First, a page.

The aftermath of the health crisis is accelerating the deterioration of the economy at a pace never witnessed before in all American history, leaving deep economic scarring in several sectors, and every attempt to rescue it haven’t come without major consequences. The downturn boosted by the outbreak has made the economy fall into a “liquidity trap,” in which interest rates will potentially be maintained on the zero lower bound until 2023, that is to say, the monetary policy is likely to face further challenges on stimulating the real economy having to do much more than artificially inflating asset prices.
While the federal government keeps pumping one fiscal injection after the other into the real economy, forging a volatile and artificial growth, the latest gap in fiscal support, 48 days now, has sent the economy into another meltdown, with retailers failing to manage their way through the crisis and online spending rates nearing zero. Comparing to the prominent reopening background of other countries, the US rates were, at the very least, disappointing. In the retail sector, the observed rise was merely 0.6%.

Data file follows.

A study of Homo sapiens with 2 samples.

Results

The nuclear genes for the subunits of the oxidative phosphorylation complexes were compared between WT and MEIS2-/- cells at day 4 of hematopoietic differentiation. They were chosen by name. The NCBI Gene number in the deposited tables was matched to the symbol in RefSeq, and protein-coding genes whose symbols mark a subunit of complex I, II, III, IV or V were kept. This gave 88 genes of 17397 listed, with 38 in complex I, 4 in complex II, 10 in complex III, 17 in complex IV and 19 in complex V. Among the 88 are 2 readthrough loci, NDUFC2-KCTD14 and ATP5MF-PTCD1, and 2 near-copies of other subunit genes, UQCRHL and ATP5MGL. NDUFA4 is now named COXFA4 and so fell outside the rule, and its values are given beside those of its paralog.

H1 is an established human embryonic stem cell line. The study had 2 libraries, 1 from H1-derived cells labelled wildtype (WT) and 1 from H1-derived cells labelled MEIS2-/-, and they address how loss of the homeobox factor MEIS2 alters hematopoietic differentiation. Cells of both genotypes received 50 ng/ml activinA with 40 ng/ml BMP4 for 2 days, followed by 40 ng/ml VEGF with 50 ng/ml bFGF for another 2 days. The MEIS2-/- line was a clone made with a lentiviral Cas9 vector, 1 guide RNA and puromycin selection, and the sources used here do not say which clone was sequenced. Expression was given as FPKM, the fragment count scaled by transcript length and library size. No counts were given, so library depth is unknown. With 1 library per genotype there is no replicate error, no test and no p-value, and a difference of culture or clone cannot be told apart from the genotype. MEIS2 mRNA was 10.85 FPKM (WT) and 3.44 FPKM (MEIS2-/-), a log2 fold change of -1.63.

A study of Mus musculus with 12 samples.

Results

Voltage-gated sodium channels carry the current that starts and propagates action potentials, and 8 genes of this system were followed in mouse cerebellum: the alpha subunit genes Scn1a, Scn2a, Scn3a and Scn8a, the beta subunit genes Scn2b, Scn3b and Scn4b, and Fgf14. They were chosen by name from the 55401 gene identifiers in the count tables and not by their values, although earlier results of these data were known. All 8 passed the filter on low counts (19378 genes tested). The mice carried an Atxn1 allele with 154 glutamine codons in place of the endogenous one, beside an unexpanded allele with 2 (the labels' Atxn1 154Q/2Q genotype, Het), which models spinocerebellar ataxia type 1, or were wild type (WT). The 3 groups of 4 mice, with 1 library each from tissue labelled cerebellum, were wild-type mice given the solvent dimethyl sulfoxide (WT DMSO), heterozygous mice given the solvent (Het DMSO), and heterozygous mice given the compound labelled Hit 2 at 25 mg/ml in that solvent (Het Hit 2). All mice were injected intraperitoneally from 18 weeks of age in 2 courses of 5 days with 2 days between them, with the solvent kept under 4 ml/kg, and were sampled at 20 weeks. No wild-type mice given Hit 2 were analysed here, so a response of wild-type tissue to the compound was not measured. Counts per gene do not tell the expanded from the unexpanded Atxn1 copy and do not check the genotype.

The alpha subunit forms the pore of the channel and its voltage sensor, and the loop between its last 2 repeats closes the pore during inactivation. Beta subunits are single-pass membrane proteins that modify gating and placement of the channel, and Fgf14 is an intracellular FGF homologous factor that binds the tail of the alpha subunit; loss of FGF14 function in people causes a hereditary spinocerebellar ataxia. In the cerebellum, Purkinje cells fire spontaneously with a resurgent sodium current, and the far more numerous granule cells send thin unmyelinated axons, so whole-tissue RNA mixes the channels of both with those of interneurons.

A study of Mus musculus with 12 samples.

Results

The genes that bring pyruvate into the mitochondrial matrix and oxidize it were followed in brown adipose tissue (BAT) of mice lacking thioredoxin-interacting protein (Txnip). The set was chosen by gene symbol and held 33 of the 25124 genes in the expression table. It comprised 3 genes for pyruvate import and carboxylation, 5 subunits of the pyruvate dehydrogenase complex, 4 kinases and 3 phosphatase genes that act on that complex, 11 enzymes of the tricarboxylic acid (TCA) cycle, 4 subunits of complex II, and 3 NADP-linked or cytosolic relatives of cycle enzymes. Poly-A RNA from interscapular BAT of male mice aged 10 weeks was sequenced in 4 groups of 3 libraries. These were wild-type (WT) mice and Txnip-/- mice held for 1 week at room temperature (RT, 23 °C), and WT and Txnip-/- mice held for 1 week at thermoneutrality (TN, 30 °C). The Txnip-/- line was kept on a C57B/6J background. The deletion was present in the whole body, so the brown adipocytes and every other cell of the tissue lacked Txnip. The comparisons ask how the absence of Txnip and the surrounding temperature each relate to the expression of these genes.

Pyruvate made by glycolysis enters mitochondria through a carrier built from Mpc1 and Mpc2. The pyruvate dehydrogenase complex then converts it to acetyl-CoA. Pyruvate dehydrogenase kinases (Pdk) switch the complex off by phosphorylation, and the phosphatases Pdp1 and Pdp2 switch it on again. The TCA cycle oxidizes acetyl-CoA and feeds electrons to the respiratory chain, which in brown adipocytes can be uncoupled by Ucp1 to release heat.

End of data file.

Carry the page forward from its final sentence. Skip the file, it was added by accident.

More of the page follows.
According to Bloomberg, apart from foodservice and drinking places (4,7%), all the remaining retail sectors either presented a derisory growth or dropped below zero. Electronics and appliance stores recorded an 0.8% upswing, same as health and personal care, while gasoline stations recorded the marginal rates of 0.4%. On the other hand, paradoxically, food and beverage stores had seen a decrease of -1.2% in their sales, sporting goods and book stores noted a -5.7% fall, and general merchandise stores -0.4%. Online shopping sales remained unchanged, meaning that they flatlined and their growth is now close to 0%.
Furthermore, the deep economic disruption goes beyond the deterioration in the labor market, with more and more businesses registering that they won’t ever be able to open doors again. A recent report published by Yelp revealed that up until August 31st, over 150,000 businesses have closed on the platform, marking a 23% increase since mid-July. The report also pointed out an increase of almost 100,000 permanent business closures over the past six months, which indicates that 60% of closed businesses will never reopen again.